Tesla Reveals Specs of its New AI-Powered Full Self-Driving Computer
【Summary】At the Hot Chips conference in San Francisco on Tuesday, Tesla engineers revealed of the details of the chip that will power Tesla’s future Autopilot, Full Self-Driving (FSD) system. Tesla's VP of hardware engineering Pete Bannon said that the new AI-powered chip is 21 times faster that the Nvidia chip it’s replacing and only 80% of the cost.
In April, at a special event at Tesla's Palo Alto, California headquarters called Tesla Autonomy Investor Day, Tesla CEO Elon Musk announced that Tesla vehicles are using a new custom-designed processor to power its Autopilot full self-driving (FSD) system.
At the time Musk said that no chip was available that had the processing power and power constraints that Tesla required, so the automaker built its own from scratch. Now the technical details of the new chip have been revealed for the first time.
At the Hot Chips conference in San Francisco on Tuesday, Tesla's VP of hardware engineering Pete Bannon revealed of the details of the chipset that will power Tesla's future Autopilot, full self-driving (FSD) system. Bannon said that the new AI-powered chip is 21 times faster that the Nvidia chip it's replacing and only 80% of the cost.
Tesla said it needed more robust hardware to achieve its 2019 goal of "full self-driving" which includes not only driving on highways, but extends to driving on local roads with traffic lights and road signs to obey.
The new AI processor has 6 billion transistors.
"It was clear to us, in order to meet our performance levels at the power constraints and the form factor constraints we had, we had to design something of our own," said Ganesh Venkataramanan, Senior Director Autopilot Hardware at Tesla, who also spoke at Tuesday's event. Venkataramanan previously worked for AMD and is one of the chip's designers.
The new chips is already being installed in Tesla models. All Tesla model produced after March 2019 have been shipping the new FSD chip, including the Model 3.
Tesla Had Specific Performance Targets for the New Chip
Tesla has specific performance targets for its new chip. First, it had to consume less than 100 watts of power, it needed to be retrofitted into existing Tesla models, have built-in security, and it had to have full redundancy, so if any part of the chip failed the chip would still be able to power the Autopilot FSD system. In addition, it also needed a redundant power supply and overlapping camera field with redundant paths.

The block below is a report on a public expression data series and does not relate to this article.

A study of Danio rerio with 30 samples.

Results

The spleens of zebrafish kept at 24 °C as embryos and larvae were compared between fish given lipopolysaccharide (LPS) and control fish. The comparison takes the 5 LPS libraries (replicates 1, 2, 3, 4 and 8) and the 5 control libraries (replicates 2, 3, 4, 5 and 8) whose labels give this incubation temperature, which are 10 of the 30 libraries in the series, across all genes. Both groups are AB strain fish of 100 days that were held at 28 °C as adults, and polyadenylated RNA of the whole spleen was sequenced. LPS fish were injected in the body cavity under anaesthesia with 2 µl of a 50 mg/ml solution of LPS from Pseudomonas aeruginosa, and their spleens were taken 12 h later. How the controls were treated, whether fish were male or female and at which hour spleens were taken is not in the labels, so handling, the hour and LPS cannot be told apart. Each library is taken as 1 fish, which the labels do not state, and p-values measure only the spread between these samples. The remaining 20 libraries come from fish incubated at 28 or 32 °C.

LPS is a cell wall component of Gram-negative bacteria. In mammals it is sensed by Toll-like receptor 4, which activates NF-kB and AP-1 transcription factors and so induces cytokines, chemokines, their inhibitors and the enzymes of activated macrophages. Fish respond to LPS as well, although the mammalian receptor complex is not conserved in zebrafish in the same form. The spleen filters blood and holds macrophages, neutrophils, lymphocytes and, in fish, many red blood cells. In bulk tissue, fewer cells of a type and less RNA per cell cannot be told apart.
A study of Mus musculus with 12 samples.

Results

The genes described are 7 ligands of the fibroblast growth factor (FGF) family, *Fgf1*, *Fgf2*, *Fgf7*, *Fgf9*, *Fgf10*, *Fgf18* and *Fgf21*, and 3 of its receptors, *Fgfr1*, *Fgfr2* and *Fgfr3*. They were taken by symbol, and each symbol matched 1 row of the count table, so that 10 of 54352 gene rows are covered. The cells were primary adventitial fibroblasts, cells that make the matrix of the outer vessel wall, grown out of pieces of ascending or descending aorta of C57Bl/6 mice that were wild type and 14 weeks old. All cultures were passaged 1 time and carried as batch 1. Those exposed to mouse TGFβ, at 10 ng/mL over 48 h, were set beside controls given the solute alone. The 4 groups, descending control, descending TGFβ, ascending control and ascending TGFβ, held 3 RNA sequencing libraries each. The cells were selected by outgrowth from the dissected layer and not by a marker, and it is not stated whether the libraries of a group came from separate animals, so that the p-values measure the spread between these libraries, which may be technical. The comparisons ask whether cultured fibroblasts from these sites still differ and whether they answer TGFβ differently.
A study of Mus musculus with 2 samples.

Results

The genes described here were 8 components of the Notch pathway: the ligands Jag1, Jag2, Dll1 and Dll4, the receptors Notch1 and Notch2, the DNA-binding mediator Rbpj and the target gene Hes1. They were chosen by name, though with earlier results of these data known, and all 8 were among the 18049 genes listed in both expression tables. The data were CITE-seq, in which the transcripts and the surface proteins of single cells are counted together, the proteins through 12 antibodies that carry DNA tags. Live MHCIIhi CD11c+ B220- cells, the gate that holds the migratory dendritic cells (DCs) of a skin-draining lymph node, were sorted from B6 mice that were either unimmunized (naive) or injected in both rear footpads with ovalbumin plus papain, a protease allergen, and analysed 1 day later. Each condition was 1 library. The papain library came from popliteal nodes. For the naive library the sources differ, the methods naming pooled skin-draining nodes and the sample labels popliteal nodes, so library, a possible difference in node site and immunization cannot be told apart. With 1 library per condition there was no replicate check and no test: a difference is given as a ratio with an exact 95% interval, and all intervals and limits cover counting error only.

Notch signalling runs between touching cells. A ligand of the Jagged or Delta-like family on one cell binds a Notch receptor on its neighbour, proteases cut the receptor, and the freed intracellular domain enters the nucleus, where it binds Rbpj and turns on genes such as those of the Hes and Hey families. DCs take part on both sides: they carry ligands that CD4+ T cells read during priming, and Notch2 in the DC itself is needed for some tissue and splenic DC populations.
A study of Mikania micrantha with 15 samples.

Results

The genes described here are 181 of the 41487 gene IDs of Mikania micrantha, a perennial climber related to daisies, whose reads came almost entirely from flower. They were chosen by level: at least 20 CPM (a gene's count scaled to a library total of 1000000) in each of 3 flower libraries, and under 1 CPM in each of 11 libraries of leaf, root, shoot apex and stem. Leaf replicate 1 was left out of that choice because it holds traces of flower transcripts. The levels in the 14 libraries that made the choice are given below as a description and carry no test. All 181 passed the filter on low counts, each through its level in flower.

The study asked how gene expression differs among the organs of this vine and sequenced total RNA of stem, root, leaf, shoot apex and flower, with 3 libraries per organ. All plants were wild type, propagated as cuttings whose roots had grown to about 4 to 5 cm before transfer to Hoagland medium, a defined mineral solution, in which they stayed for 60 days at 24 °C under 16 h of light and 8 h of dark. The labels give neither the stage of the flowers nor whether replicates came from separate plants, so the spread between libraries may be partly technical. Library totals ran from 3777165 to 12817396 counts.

Each Tesla computer has two independant AI chips which allow for redundancy for an extra layer of safety. This redundancy even extends to the power supply further guarding against a power interruption. For the vehicle's forward facing cameras each on has its own power supply to guard against failures.
Tesla designed the new chip to offer more than 50 TeraOPS (tera operations per second) of performance for its AI-powered deep neural nets used for autonomous driving.
"There are a lot of redundancy features, which makes sure nothing untoward happens to the system" said Venkataramanan.
Each of the AI chips can perform 36 trillion operations per second, giving the entire processor 72 TFLOPS of processing capability at 2GHz. The chip also has its own dual neural network accelerators (NNA). Each one is 96x96 MACs and can perform 36.8 TOPs per NNA.
The hardware is designed for redundancy, so that each chip makes its own assessment of what the car should do next. The computer compares the two independent assessments and the car only takes the action and if the chips agree. If the chips disagree, the car just discards the frame of video data and tries again, Venkataramanan explained.
Venkataramanan said that even if the two chips do not agree, the framerate is so high that if one frame is discarded, the overall system performance is not affected.
Tesla vehicles do not rely on lidar, so the cameras are a necessary component for self-driving. That's one of the reasons Tesla wanted powerful AI chips that could handle such a high frame rate for video.
Tesla said the chip took 14 months to design, and the processor being manufactured by Samsung.
resource from: anandtech.com
Originally from New Jersey, Eric is a automotive & technology reporter covering the high-tech industry in Silicon Valley. Eric has over 15 years of automotive experience and a bachelors degree in computer science. These skills, combined with technical writing and news reporting, allows him to fully understand and identify new and innovative technologies in the auto industry and beyond. He has worked at Uber on self-driving cars and as a technical writer, helping people to understand and work with technology. Outside of work, Eric likes to travel to new places, play guitar, and explore the outdoors.